Colorado’s unemployment insurance system struggled this week as the state launched a new platform for self-employed workers, while also paying out $600 a week in additional benefits the federal government offered under the CARE Act.
“We did see a lot of confusion among claimants,” Cher Haavind, a spokeswoman for the Colorado Department of Labor and Employment, said Thursday on a conference call.
The state received about 51,000 applications for unemployment benefits since Monday on its new platform. But about 10,000, or one in five, were rejected and sent to file on the system for employed workers.
“This was not a state decision, but built into the federal legislation,” Haavind said. To avoid double-dipping, the federal rules require anyone who earned $2,500 in wages reported on a W-2 over the last 18 months to apply through the regular system until those benefits were exhausted.
Part of the difficulty facing the state is that it doesn’t have a firm grip on how many self-employed workers are out there and didn’t expect so many people to derive income from multiple sources.
Tyler Graim, a freelance cinematographer in Denver, said he followed CDLE advice he received earlier and waited to apply for unemployment benefits when the new platform for independent workers went up on Monday.
He estimates that 95% of his income is tied to contract work, which has stopped due to the pandemic, and thought that would provide the highest level of income replacement. He was surprised when his application was rejected.
“I made $2,600 on W2’s last year and the rest of my income on 1099’s, so I will be getting paid unemployment benefits based on a $2,600 a year salary. This will most likely give me the minimum of unemployment payment possible without my 1099 income included,” he said in an email.
What has made the whole process difficult, he said, is that it has been almost impossible to talk to a live person at CDLE. To address the crush of calls it is receiving, the CDLE set up a dedicated call center with 80 people through a third-party provider to handle calls just from self-employed workers.
But because the center was new, there were issues to work through on matching communications systems and making sure outside staff were providing the right information.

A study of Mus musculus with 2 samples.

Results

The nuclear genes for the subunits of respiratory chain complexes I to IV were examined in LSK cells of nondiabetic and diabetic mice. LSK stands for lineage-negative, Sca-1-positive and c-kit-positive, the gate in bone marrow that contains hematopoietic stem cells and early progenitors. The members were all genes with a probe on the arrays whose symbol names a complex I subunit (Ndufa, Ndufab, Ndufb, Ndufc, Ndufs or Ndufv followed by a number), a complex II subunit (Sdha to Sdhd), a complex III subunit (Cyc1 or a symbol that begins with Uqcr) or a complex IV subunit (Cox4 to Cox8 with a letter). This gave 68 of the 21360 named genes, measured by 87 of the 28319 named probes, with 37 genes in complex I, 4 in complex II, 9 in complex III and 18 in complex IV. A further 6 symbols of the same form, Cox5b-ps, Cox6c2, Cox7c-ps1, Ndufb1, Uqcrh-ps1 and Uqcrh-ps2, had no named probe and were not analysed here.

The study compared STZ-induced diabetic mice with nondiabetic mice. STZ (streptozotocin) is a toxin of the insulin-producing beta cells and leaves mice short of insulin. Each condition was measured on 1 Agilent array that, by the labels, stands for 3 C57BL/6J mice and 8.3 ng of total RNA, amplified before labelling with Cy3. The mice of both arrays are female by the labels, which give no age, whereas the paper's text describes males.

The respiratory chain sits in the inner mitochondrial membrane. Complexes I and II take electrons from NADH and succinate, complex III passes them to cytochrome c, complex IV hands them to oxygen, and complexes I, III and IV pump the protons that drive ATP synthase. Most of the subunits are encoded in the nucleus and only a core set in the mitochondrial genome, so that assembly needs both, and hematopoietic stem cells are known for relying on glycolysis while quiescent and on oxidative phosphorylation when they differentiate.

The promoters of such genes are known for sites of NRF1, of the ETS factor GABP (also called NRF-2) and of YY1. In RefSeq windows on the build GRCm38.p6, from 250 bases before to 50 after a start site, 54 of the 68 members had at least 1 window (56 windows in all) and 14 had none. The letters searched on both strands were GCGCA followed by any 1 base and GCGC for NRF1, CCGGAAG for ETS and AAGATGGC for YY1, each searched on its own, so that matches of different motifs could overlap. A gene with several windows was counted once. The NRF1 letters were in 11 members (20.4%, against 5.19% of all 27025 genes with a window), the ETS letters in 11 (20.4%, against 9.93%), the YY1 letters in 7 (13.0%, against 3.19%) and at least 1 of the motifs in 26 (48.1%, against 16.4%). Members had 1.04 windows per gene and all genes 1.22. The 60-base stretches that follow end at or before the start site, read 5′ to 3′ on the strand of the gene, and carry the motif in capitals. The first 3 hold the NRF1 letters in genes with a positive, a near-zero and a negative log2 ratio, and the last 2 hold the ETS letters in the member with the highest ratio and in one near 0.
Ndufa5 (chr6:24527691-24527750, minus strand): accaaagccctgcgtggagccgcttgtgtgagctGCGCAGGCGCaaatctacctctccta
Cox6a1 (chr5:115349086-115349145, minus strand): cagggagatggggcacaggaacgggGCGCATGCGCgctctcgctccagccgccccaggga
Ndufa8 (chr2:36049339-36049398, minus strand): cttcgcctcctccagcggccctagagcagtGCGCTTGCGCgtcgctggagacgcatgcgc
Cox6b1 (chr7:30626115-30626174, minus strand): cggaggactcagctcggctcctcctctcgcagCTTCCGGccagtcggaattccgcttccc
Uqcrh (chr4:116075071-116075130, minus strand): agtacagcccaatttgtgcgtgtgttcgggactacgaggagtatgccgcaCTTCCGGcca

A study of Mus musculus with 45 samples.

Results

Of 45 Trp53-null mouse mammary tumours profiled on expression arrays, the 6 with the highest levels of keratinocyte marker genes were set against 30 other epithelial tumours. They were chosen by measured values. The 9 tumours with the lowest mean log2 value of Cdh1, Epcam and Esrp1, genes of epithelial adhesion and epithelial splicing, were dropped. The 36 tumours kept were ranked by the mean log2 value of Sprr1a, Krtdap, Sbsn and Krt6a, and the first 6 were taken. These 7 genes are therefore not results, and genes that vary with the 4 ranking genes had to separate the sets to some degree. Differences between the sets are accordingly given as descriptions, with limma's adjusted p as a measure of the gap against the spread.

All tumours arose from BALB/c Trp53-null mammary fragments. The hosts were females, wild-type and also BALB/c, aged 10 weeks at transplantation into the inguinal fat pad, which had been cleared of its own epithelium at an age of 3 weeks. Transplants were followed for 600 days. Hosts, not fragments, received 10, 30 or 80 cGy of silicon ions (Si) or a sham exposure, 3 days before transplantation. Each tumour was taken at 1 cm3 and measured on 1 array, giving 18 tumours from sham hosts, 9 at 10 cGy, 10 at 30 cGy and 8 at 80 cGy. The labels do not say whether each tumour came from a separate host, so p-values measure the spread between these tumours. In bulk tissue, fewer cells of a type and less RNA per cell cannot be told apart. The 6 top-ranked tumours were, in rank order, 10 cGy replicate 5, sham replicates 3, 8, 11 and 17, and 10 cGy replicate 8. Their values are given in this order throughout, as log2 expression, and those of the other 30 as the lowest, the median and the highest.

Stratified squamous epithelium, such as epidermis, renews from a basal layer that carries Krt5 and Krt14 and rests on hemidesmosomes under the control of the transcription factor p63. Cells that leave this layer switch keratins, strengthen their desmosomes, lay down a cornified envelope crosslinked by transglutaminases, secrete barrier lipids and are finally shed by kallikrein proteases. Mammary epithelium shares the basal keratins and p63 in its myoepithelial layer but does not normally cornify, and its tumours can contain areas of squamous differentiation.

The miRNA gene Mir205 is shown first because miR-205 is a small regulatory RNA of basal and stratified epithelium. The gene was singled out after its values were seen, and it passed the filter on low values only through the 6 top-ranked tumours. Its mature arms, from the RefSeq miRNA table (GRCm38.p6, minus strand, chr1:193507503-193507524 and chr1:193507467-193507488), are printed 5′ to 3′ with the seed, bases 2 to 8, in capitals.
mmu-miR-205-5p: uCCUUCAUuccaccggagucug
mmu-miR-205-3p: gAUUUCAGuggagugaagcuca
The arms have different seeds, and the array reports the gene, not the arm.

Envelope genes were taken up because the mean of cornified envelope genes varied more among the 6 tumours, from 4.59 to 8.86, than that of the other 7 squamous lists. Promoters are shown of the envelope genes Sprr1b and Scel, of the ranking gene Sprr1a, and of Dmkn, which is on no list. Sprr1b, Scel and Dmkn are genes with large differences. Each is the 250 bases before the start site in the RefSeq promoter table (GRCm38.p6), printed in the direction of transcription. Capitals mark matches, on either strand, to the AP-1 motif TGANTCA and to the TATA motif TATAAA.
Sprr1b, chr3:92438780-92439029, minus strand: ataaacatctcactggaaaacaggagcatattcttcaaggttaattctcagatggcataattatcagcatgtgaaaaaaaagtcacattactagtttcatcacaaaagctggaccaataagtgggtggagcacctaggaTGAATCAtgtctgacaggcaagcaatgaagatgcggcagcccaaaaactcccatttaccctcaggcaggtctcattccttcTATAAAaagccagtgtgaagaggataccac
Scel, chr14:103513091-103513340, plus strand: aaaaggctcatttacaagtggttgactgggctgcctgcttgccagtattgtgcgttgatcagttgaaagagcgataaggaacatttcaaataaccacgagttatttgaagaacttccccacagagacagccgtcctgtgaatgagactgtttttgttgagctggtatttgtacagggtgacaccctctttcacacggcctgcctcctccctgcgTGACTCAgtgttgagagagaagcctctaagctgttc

As the CDLE was launching the new platform, it was also trying to distribute the additional $600 a week that the federal government is providing to unemployed workers, known as Pandemic Unemployment Assistance or PUA, going back to the end of March.
A money transfer request for the week ending April 4 went out on Sunday, with a payment request for the week of April 11 going out on Monday, and a request for the week ending April 18 going out on Tuesday.
“That file was the largest single we have ever had to transmit to a bank in the history of the program,” Haavind said of the $70 million request for disbursements sent out on Sunday night.
Normally, payments go out in 72 hours once the clearing bank receives the batch file from CDLE. People receiving benefits, many of them anxious for the additional funds to arrive so they could pay bills, were told as much. By Thursday morning, the money still hadn’t landed in bank accounts.
“The underlying benefit system is not having any challenges in presenting the payments,” said Jeff Fitzgerald, the state’s unemployment insurance director. The bottleneck appears to be in the banking system, given the large volume of money being moved. The deposits should land Friday, although there were reports that banks were pushing some out on Thursday afternoon.
Those receiving unemployment benefits can choose direct deposit over the debit card option to speed up payment, Haavind said. Banks must issue and mail out debit cards, which can add several days to receiving payment.
Self-employed workers who have their claim approved will automatically default to a debit card payment. But 24-hours after an account is set up, they can go back in and switch to direct deposit.
There’s another issue that is brewing for workers who are receiving benefits that exceed what they made in regular pay. As more small businesses receive funds under the Paycheck Protection Program, or PPP, they are calling workers back.
If 75% of the amount borrowed is used for payroll expenses over the next eight weeks, the loan becomes forgivable. But employers are starting to report that some workers, who can make more collecting unemployment benefits, are declining to come back. That is considered a job refusal and could put benefits at risk.
“If you are on unemployment, you need to be available and actively seeking work,” Haavind said. “We are working on educating our claimant community who may not understand the consequences of that.”
Things get more complicated if an employee refuses to return to work because they are fearful of exposure to the novel coronavirus. The state is trying to work out rules about when an exemption might be offered, Haavind said.